U.S. Secretary of State Antony Blinken’s trip to Southeast Asia is significant as it sends a strong signal that Washington is keen to strengthen relations with the region at a time of growing tensions with China, according to an expert from a think tank.
Simon Tay, chairman of the Singapore Institute of International Affairs, said Blinken’s swing through the region this week “must be seen clearly in the context of the Sino-American competition.”
“The interesting part to me is that there is a kind of silver lining for these countries and for ASEAN as a whole, provided this competition does not tip over into actual conflict and a Cold War mentality,” he told CNBC’s “Street Signs Asia.”
“It’s a big signal that he is coming to the region and starting with Indonesia,” he added.
This is Blinken’s first visit to Southeast Asia since President Joe Biden took office in January. In his first stop in Indonesia on Tuesday, the top diplomat called on U.S. allies and partners in the region to defend the rules-based order.
“Let me be clear: the goal of defending the rules-based order is not to keep any country down. Rather, it’s to protect the right of all countries to choose their own path, free from coercion and intimidation, ” said Blinken, who will also visit Malaysia and Thailand this week.
“It’s not about a contest between a U.S.-centric region or a China-centric region – the Indo-Pacific is its own region,” he added.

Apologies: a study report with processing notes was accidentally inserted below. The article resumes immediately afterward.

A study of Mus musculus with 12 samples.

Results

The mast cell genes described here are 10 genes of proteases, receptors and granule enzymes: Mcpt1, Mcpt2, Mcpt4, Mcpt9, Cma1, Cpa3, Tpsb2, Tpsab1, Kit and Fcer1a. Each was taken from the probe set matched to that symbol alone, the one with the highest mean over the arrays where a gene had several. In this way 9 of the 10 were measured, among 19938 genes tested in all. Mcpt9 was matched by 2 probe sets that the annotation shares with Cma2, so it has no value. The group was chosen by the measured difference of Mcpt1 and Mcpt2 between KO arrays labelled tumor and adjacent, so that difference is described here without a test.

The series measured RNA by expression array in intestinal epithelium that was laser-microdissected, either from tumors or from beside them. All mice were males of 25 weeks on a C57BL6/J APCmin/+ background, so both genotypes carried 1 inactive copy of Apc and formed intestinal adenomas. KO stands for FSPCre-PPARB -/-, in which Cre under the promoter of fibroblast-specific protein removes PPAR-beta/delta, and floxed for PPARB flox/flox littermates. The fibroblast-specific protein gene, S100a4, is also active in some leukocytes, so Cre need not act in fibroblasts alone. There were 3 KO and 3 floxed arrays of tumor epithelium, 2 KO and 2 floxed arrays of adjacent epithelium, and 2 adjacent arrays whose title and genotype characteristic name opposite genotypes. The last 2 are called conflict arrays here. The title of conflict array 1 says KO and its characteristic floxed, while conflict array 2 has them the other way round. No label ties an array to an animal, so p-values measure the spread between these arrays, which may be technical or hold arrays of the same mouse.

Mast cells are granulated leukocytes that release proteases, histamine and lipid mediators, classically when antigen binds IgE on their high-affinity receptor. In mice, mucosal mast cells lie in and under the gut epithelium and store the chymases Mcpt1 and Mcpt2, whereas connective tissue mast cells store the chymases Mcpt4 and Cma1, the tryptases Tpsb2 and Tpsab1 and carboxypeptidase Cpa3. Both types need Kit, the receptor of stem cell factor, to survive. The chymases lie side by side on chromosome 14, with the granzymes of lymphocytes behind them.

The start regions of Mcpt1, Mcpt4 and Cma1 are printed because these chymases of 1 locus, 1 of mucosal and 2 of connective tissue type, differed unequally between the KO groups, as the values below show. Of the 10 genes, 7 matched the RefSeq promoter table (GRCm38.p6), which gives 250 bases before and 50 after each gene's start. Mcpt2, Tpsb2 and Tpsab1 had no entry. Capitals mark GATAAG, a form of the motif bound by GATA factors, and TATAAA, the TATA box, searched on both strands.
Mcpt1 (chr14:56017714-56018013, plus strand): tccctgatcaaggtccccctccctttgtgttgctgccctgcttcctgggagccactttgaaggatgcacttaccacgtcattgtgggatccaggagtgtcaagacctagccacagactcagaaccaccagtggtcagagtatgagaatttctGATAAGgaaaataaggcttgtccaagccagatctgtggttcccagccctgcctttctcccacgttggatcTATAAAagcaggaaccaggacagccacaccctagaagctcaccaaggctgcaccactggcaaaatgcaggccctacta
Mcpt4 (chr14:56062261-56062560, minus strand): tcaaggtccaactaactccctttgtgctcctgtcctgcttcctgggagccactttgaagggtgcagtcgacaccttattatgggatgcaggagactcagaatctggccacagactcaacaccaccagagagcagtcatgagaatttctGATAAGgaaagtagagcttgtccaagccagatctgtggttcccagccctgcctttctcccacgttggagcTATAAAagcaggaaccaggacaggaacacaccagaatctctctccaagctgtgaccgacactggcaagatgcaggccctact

The Secretary of State also criticized China’s aggression in the South China Sea, noting it threatened more than $3 trillion in annual trade and is a cause of growing concern.
“That’s why there is so much concern – from Northeast Asia to Southeast Asia and from the Mekong River to the Pacific Islands – about Beijing’s aggressive actions,” he added.
China has been increasingly agitated by the Biden administration’s Indo-Pacific strategy. Part of that priority is the shoring up of an informal strategic alliance between the United States, Japan, India and Australia, known as the Quadrilateral Security Dialogue or Quad.
Ashley Townshend, director of foreign policy and defense at the United States Studies Centre at the University of Sydney, underlined that Blinken’s visit is critical because the Biden administration is in the early stages of rolling out a comprehensive Indo-Pacific economic framework.
“Which really tries to go to one of the core demands of Southeast Asian countries from the United States, which is to see the United States invest and invest more substantially in the region,” he said as well as “bolstering a more resilient region … that is more able to stand up to Chinese coercion.”